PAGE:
New to Canada and new to mortgages? Let us help.
Pick which options below best apply to you and embark on your very own real estate adventure.
There are three primary categories that you may fall into. Take a gander below and see which table fits your current circumstances best - we’ll direct your path to the right info from there.
No sugar coating.
Keep saving, keep working on your credit rating and keep putting your ducks in a row for permanent residency. Remember, this doesn’t mean that you’ll never be able to get a mortgage in Canada, there’s just a longer journey ahead.
There are some private mortgage companies that may take you on, but the interest rates they offer will be much higher to offset the risk they are taking.
Tick, tick, tick, boom - traditional mortgage application.
(If you’re confused as to what the heck a credit rating is, we suggest you make a quick cuppa and read this.) We also heartily recommend that you head over to this article on all the documents you’ll need to buy a home. Or you can start off down your home-buying rabbit hole by learning about mortgage pre-approval here.
New to Canada Program.
So what exactly is a New to Canada Program, we hear you ask? Excellent question, young Canadian padawan. Well, there are a bunch of mortgage lenders who work with specific types of ex-pats.
There are also a few others that work with specific types of ex-pats. These lenders are willing to take on newcomers to Canada and the risk that comes with your lack of Canadian credit history and long-term Canadian employment (in fact, some of them will only deal with you if you’ve been in the country less than five years).
In order to apply with any of these guys officially, you’ll need to jump through a few hoops. Here they are for your edification and delight:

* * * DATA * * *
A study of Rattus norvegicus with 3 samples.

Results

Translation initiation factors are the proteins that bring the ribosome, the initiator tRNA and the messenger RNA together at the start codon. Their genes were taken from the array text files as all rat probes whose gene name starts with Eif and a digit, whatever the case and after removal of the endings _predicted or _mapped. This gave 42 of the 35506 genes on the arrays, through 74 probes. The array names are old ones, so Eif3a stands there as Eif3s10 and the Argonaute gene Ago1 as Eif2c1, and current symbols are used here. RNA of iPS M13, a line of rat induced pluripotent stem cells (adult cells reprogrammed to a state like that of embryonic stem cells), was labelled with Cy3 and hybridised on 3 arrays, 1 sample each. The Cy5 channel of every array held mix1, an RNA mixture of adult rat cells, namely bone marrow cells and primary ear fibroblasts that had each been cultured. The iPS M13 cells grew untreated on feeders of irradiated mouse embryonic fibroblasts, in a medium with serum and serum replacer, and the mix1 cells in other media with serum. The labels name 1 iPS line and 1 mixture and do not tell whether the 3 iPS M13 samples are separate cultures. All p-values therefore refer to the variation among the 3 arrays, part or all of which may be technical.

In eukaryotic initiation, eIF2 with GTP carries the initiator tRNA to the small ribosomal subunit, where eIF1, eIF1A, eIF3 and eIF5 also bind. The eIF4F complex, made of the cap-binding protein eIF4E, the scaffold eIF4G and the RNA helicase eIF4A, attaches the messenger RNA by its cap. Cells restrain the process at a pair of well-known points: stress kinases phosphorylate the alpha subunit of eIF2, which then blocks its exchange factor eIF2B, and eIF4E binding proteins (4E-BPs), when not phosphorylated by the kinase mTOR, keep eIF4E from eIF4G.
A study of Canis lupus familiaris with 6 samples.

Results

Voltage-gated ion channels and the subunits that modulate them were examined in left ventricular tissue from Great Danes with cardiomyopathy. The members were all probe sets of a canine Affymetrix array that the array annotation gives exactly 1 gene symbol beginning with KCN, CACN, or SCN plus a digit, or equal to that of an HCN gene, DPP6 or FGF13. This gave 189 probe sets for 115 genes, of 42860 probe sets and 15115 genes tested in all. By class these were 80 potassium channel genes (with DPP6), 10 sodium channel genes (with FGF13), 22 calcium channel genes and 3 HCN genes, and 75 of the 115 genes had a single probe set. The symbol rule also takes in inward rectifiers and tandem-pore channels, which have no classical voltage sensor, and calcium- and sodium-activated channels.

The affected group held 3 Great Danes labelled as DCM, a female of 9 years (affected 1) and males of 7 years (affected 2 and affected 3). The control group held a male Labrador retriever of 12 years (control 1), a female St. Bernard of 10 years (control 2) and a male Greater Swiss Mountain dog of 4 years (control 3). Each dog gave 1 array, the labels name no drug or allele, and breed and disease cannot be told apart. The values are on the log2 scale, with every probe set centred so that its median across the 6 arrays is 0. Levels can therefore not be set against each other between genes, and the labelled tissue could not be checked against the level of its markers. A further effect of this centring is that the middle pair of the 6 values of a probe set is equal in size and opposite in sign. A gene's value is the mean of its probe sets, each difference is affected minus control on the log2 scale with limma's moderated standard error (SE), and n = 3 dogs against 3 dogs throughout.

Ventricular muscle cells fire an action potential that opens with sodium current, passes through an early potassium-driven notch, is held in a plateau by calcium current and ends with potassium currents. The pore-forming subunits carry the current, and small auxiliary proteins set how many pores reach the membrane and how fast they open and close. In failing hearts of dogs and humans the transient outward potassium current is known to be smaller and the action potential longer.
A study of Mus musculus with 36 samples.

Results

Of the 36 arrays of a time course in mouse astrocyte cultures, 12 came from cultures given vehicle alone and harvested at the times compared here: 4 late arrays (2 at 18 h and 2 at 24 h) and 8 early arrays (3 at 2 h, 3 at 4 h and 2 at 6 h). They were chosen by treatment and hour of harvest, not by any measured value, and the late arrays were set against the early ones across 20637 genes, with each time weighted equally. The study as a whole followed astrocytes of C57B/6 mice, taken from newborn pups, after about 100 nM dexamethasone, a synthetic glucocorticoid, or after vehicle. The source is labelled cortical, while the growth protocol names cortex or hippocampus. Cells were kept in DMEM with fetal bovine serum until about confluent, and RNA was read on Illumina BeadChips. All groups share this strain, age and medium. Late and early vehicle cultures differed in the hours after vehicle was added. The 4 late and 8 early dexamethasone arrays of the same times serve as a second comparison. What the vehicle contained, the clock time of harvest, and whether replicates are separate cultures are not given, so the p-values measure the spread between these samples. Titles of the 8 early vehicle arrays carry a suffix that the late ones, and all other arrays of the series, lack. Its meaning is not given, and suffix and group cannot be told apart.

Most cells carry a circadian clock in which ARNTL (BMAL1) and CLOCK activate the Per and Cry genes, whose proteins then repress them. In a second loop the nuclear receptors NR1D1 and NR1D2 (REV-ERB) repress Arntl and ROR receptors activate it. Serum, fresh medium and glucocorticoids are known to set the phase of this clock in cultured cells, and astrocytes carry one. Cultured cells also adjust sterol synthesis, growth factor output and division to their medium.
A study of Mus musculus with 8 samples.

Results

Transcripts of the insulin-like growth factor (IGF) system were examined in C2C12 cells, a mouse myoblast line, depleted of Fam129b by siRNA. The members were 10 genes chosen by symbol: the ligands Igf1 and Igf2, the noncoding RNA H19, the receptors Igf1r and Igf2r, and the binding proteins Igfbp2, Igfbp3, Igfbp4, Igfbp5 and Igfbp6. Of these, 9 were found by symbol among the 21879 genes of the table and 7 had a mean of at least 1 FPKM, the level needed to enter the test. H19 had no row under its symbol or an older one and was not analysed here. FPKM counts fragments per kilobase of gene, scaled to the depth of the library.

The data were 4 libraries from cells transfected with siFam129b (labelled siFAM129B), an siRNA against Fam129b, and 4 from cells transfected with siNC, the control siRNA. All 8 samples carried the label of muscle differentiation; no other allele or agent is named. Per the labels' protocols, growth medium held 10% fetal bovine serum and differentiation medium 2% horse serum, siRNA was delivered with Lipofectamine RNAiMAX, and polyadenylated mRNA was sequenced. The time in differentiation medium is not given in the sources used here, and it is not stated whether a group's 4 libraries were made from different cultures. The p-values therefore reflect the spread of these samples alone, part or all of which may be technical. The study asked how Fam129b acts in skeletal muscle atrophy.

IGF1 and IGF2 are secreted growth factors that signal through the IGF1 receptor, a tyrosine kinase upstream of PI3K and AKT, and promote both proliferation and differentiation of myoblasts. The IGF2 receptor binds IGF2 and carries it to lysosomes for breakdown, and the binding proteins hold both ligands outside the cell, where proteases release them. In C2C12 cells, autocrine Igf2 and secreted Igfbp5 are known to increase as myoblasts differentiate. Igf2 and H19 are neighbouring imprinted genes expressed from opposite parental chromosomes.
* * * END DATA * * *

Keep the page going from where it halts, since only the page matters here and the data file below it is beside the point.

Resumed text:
What the credit score?
You may want to check out our more extensive list on how to improve your credit rating here. For now, here’s our REW Money summary:
- Pay the bills on time. Every time.
- Don’t max out your credit cards. Aim to be under 70% of the limit of each one.
- Don’t cancel cards and sign up for new ones. Lenders want to see healthy use of credit over a long period.
- Aim for credit diversity. Short, mid and long-term credit shows that you manage your money well.
- Limit the credit inquiries by lenders. It seems suspicious if loads of lenders are checking your score in a short period of time
And, of course, a consistent source of income and a good debt-service ratio is key. You should be aiming for less than 39% of your total Canadian income going towards paying off your debt each year.
Haven’t been eating poutine long enough to have built a decent Canadian credit score as yet? Here are some documents that will help solidify your new friendship with Scotiabank, CIBC Mortgages and RBC Mortgages:
- Proof of monthly savings
- International credit report. They will generally accept a good credit report from UK, US, Australia, or a Commonwealth country
- Proof of income from pay stubs or an employment contract
- Monthly bank statements
- Reference letter from a Canadian financial institution
- Proof of paying utilities, mobile phone or insurance (anything along those lines), or letters from providers confirming timely payments
- Proof of timely payment on rentals, or letter from a landlord confirming this
It is a fair assumption to say you will need at least 12 months of each of these documents for them to be considered adequate.
The not-so-low-down on your down payment.
Once you’ve proved that you can handle your income and credit, you’ll need to empty the vault of a substantial amount of cash for a down payment - as "low" as 5-10% of the cost of the home, and as high as 30-35% in some cases. Ouch.
The Other General Traditional Mortgage Stuff.
With the “new-Canadian” stuff out of the way, you can begin with the other, run-of-the-mill mortgage stuff, like getting mortgage insurance and choosing between a variable or fixed interest rate. After that, we suggest you collapse onto the couch with a tub of ice cream as you realise that adulting is hard.